This is the final article in a series of four articles written on the topic of how e-learning based language learning models compare to traditional teacher-based language learning models. The argument that I have put forth is that e-learning falls far short of being able to create a learning environment that is either stimulating or realistic. In my last article, I argued that teacher-based language learning models inject a necessary element of fear in the language learning process that essentially serves as a type of inoculation for the language learner in terms of preparing him for the unpredictable reality of communication in the real world.
“Hold on just a second,” you say, “I’ve had tons of teachers who were just awful whose lessons essentially could have been repackaged into the cure for insomnia!” I agree wholeheartedly. The truth is that great language instruction in the traditional learning sense is quite dependent on the ability of the teacher. Yes, we’ve all had many bad teachers who were quite forgettable but at the same time, if you’re like me, you can probably vividly remember the ones who were outstanding, the ones who inspired us. I sure can. They are quite clearly among the very small minority of collective teachers we’ve had.
The word “teacher” has unfortunately lost a lot of the esteem that it used to be held in years ago. Now it is just a title but it used to be a position of honor. In many places in the world, it still occupies a position of honor. Now, it is necessary to make a distinction when you say the word “teacher.” Just as there is good adaptation of technology and bad adaptation of technology, there are also good and bad teachers out there. In reality, poor quality teachers probably outnumber the good ones thirty or forty to one. It’s a bell curve and great teachers are definitely among the extreme outliers. Take technology for instance. How often do you see a technological adaptation that really wows? Look at what Apple has done with the iPod, iPhone, and most recently the iPad. Most of the competing products out there just don’t measure up to the appeal of using Apple’s three aforementioned products (although the gap has been closing with the iPhone I concede but that’s a natural response to having the bar for excellence raised). Predictably, those three products outsell competing products and brands by a wide margin. Teachers are no different. A good one is rare like a precious gem and we never forget them. We always look forward to their classes. Those are the types of teachers that I obsessively search for to work with Premiere English because when you find them, they are worth more than a thousand mediocre ones. They transform the process of language acquisition from one that would commonly be a boring routine into a magical linguistic journey.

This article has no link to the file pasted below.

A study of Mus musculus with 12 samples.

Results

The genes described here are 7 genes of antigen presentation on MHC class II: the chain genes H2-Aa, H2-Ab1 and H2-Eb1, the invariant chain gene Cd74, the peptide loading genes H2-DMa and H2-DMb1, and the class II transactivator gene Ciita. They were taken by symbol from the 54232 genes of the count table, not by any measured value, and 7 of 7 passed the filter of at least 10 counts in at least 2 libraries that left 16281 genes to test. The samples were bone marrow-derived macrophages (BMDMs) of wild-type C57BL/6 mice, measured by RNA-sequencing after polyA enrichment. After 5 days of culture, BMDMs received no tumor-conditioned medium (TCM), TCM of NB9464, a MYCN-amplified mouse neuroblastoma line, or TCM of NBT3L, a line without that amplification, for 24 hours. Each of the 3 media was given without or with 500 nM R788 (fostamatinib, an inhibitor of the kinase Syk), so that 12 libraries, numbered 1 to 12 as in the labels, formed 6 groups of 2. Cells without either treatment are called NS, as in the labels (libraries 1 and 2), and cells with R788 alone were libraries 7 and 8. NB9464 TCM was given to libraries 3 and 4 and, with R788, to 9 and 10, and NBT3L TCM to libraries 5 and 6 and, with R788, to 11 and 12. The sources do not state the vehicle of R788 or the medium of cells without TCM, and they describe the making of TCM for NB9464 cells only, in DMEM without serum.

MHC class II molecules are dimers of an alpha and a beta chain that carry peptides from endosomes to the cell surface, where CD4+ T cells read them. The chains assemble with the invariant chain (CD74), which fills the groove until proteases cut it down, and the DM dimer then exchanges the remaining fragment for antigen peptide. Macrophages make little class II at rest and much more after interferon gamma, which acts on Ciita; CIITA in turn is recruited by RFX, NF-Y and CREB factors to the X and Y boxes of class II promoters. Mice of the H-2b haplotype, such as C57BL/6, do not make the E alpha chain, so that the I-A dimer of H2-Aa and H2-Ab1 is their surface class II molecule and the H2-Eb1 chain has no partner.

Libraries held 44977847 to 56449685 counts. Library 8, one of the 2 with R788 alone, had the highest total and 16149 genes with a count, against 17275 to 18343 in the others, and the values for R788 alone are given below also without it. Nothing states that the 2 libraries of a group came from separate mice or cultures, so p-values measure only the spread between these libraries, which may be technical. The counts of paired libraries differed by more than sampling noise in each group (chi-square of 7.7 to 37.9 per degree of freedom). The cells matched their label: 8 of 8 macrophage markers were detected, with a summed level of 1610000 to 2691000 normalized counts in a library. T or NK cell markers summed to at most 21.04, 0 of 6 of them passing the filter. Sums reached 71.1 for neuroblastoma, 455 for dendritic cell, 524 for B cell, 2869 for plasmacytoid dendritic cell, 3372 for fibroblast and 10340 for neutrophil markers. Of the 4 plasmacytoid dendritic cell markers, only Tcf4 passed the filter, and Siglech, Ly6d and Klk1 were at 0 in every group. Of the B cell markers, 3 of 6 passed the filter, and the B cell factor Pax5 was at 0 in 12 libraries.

Ultimately, it’s important to remember that language is organic and alive. It is exchanged between living organisms. Language cannot simply be reduced to a body of words and grammar rules that can be analyzed by a computer and downloaded into a human. Language extends far beyond words as not all communication happens with words. Lots of communication happens with body language such as gestures and eye contact, in addition to non-linguistic sounds such as a simple sigh. How often do you hear people saying that they can interpret their spouses’ sounds? Language is also inseparable from its cultural context. It is its cultural marriage that gives it such a rich texture. The culture behind a language is what gives it its soul. And how is “culture” defined? It is defined as:
The sum total of ways of living built up by a group of human beings and transmitted from one generation to another.
Culture is linked to people and therefore, the soul of a language is by extension firmly rooted in the people who speak it. Without soul, language becomes nothing more than a functional tool to transfer information, much like a computer. As author David Abram so eloquently writes:
As technological civilization diminishes the biotic diversity of the earth, language itself is diminished.
Computer-based language learning programs run the risk of diminishing the rich connective power behind language by marginalizing its inalienable sacrosanct relationship to people and really, by extension, to life itself.
Language is simply way beyond the capacity of a computer to fully and dynamically express. That’s why it is best taught by those who speak it rather than by sterile software that feebly attempts to mimic it. Even more importantly, language is best taught by those rarefied individuals who were born to be teachers and have accumulated the experience needed to bring the wisdom, insight, curiosity, and creativity that leads to the type of consistently engaging learning environment that leaves indelible impressions on us that last a lifetime.